No matter how good LCD Soundsystem were - and they were good, weren't they? - there was still always a hipster whiff around James Murphy and his various projects, leaving you with the sensation that some of the time that the joke was on you.
Some of this has inevitably rubbed off down the years on the acts that roster the DFA label which he co-founded - not that he's ever seemed particularly bothered by most people's conceptions - but for The Juan Maclean it's less of a distraction. The tag is the nom-de-plume of long term Murphy associate John MacLean, for whom he was a sound engineer in the latter's noise outfit Six Finger Satellite. When they folded, MacLean quit music, got educated and then returned with his Latin-sounding moniker in 2005, edging back into it via his début album 'Less Than Human'.
If that, in places, was a record in thrall to Kraftwerk, underground house and bonkers old school plinky-plonk outfit Drexciya, 'In A Dream' draws heavily instead on 90s dance rock, smart post modern disco and first wave British synth-pop. Phew. At the forefront for most of the time is collaborator Nancy Whang, who lends a vaguely androgynous set of vocals over the almost dream wave of 'Here I Am' and the entertainingly louche soul of 'Running Back To You'.
As a band based around a man, The Juan Maclean you would expect would gravitate to a single vision, but Maclean himself has remixed everyone from Stevie Nicks to The All American Rejects, so eclectic comes as standard. On 'I've Waited For So Long', this manifests itself in the pummelling, Moroder-esque beats employed to create a sensation of travelling, whilst the gargantuan 10 minutes plus of closer 'The Sun Will Never Set On Our Love' is full of vintage pops and claps, along with Whang's pristine high end vocals and a rolling, finger picked synth line from the pre-laptop school of production.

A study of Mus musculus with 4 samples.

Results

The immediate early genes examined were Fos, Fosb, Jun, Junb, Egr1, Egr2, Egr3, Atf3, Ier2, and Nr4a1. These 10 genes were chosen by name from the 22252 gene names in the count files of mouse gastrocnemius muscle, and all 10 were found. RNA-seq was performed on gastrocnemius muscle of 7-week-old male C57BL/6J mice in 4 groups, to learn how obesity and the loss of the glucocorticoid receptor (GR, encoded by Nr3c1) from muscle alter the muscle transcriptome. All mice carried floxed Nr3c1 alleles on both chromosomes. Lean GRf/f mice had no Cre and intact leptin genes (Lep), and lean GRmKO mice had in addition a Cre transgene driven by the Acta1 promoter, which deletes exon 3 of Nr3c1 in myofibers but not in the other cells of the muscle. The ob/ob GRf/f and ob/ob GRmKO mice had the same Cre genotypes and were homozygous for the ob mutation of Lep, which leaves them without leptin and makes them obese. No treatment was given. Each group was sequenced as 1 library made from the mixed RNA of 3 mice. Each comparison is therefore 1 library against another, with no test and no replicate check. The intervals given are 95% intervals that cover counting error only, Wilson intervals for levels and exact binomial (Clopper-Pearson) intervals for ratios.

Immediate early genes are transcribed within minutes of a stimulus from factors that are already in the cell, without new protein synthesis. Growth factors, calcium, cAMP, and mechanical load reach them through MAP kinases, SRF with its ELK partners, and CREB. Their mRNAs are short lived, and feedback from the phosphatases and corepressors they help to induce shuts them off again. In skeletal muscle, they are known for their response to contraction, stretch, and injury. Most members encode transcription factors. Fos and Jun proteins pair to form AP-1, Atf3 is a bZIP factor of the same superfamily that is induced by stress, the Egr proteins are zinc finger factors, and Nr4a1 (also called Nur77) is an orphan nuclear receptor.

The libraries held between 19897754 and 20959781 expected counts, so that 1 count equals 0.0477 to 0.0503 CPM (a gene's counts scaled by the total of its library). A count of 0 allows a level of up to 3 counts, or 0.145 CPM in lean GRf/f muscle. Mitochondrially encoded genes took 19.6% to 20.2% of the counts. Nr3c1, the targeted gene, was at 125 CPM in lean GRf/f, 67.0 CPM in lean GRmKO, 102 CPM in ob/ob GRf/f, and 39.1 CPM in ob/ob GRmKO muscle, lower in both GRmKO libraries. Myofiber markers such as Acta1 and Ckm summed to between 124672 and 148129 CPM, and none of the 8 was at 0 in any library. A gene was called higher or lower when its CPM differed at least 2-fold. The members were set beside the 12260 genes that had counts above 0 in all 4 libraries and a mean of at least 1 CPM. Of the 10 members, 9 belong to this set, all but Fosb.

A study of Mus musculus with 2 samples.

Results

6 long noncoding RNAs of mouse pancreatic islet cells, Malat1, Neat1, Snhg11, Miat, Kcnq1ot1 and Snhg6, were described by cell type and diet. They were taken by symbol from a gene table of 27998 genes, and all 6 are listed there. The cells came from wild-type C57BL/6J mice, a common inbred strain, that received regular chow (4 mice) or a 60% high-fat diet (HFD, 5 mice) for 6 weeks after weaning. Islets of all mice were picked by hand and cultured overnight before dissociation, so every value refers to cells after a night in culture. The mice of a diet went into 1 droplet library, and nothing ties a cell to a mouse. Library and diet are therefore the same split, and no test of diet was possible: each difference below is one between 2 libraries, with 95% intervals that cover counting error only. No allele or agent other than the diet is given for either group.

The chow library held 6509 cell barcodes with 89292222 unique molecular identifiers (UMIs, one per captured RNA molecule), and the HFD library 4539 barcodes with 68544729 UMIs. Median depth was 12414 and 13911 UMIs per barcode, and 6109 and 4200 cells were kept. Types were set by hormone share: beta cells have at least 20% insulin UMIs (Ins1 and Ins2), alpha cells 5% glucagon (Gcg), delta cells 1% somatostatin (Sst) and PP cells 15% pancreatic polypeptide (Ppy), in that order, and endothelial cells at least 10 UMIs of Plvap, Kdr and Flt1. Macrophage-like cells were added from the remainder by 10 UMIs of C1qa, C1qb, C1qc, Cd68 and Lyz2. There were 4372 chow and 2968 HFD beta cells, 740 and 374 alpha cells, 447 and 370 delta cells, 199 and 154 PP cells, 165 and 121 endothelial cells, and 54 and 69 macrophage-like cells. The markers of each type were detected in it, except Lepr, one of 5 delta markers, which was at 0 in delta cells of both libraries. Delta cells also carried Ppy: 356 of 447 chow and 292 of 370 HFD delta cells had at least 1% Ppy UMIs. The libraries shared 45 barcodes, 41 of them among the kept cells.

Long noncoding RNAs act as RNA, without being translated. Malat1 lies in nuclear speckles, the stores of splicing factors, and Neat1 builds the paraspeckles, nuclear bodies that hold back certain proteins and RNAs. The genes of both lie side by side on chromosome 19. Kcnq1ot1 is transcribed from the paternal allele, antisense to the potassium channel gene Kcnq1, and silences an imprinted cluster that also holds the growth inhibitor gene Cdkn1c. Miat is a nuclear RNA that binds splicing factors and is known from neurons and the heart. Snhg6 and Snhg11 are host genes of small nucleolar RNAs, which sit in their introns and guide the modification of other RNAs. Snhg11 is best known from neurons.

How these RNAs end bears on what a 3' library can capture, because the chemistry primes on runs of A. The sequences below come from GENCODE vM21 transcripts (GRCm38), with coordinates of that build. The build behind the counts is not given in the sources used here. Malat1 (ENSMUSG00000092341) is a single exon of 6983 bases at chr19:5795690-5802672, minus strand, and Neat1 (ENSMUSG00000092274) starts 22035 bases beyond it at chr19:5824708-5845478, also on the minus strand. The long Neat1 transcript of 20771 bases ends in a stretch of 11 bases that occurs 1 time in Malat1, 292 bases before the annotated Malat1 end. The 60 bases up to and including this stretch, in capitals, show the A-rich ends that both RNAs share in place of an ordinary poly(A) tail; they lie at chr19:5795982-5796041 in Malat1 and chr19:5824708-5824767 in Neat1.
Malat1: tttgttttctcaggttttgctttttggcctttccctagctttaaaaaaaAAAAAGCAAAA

Comparing this to 'Less Than Human' reveals an artist now very much trying to let us in, allowing us to peek over his shoulder into his crate-digging and multi-instrumented palette. His best moment here is on 'Love Stops Here', an ecstatic amalgam of Play-era Moby and vintage New Order, complete with rumbling Peter Hook bass notes and way back in the mix words. Delivered with aplomb, it's the sort of understated retro-chic that gets people of a certain outlook hot under the collar, but for the rest of us Ordinary Joes it's just great tunes. Making records that sound good, feel great and aren't smothered by a false sense of self awareness is a talent that leads to good times. In this, John MacLean is yet another example of the same stuff happening to same guy twice.